By the time of the Civil War, the United States had, in function if not in fact, become two nations. Although they shared a common history and language and were intimately bound together economically, geographically, and in other ways, the North and the South had steadily drifted apart for a very long time. In many ways, the split between the two exhibits a fault line that runs throughout the history of Western Civilization and has been evident since at least the period of the poleis of ancient Athens, namely the split between an aristocratic society and an oligarchic form of government that primarily values order and structure on the one hand and a democratic ideal that values freedom and equality above all else on the other hand. This split is evident in a comparison between the social, political, and economic makeups and ideas of the North and South.
The social differences between the North and South were easily noticeable to those viewing American society in the 19th century. Alexis de Tocqueville, for instance, a French nobleman who travelled throughout the United States in the 19th century and wrote about his observations and experiences, contrasted the industriousness of Northerners with what he saw as the laziness of Southerners. He noted, for instance, that in the South “’society, like the individual, seems to provide nothing.”1 Importantly, he blamed this striking contrast between Northern industriousness and Southern laziness primarily on the institution of slavery.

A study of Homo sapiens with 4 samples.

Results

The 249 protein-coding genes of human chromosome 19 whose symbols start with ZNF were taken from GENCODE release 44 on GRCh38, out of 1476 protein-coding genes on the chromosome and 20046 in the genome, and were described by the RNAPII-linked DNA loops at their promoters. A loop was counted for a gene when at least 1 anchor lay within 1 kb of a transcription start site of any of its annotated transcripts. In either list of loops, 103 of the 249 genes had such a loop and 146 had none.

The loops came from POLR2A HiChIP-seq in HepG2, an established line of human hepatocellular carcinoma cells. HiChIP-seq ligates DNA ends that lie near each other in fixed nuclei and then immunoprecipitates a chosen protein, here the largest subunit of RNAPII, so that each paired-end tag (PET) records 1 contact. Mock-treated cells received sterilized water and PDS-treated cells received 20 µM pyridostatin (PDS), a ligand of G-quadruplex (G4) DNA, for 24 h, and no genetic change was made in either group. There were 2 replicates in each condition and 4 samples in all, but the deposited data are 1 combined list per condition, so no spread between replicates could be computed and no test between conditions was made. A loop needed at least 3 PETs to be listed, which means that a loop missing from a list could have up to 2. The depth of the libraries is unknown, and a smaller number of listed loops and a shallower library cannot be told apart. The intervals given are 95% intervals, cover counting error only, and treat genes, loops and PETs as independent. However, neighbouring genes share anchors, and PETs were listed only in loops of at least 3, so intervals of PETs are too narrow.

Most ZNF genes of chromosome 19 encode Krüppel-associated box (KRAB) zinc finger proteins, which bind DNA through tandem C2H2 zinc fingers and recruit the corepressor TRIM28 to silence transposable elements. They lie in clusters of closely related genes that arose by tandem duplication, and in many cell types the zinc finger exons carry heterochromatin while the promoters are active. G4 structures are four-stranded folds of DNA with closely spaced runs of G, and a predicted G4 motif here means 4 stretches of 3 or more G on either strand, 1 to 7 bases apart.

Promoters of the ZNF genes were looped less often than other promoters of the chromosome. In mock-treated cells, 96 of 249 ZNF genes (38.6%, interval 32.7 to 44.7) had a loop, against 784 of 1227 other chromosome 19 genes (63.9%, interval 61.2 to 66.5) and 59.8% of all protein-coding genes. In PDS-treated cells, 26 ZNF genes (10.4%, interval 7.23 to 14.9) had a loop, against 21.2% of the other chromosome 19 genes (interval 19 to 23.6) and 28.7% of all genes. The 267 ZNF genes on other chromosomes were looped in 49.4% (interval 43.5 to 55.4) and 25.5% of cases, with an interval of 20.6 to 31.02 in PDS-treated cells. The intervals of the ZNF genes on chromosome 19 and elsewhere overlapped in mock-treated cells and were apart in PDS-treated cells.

The political implications of these social differences are obvious. Southern society came to be governed by a class of slave-owning oligarchs whose interests, very different from those of the majority of Southern society which consisted of black slaves and non-slave-owning whites, dominated both in local politics as well as the way the South was represented in the federal government. As a result, the social and political situations of the South mutually reinforced each other and exacerbated the differences between the South and the North.
Underlying these social and political differences between North and South were the economic differences, and the greatest economic difference was the institution of slavery. The South had adopted an agricultural way of life that centered on cotton and required large amounts of cheap labor in the form of slaves. The North, on the other hand, had adopted an ideology that viewed economic independence as especially important. The ideal of Northerners, in part under the influence of the so-called “Protestant work ethic,” was to work hard and become wealthy for one’s self, perhaps to own one’s own business or farm. Such a desire was fundamentally incompatible with slavery and with the aristocratic ideals of the South. The economic differences between the North and South continued to widen as the North became increasingly industrialized and urbanized.
The social and political differences between the North are largely the result of the economic differences between the two regions. All of these differences are examples of a wider fault line in Western thinking that stretches very far back into its history. In the United States, the North and South had so become identified with these inconsistent ideologies that by the time of the Civil War in 1860 the two regions had become in effect two separate nations. The Civil War was an inevitability and in many ways a necessary correction to this drift that was splitting the country in two.
1 Alexis de Toqueville, quoted in David W. Blight, “Lecture 3 – A Southern World View: The Old South and Proslavery Ideology,” HIST-119: The Civil War and Reconstruction Era, 1845-1877, Open Yale Courses (January 22, 2008) http://oyc.yale.edu/transcript/544/hist-119 (accessed March 1, 2013).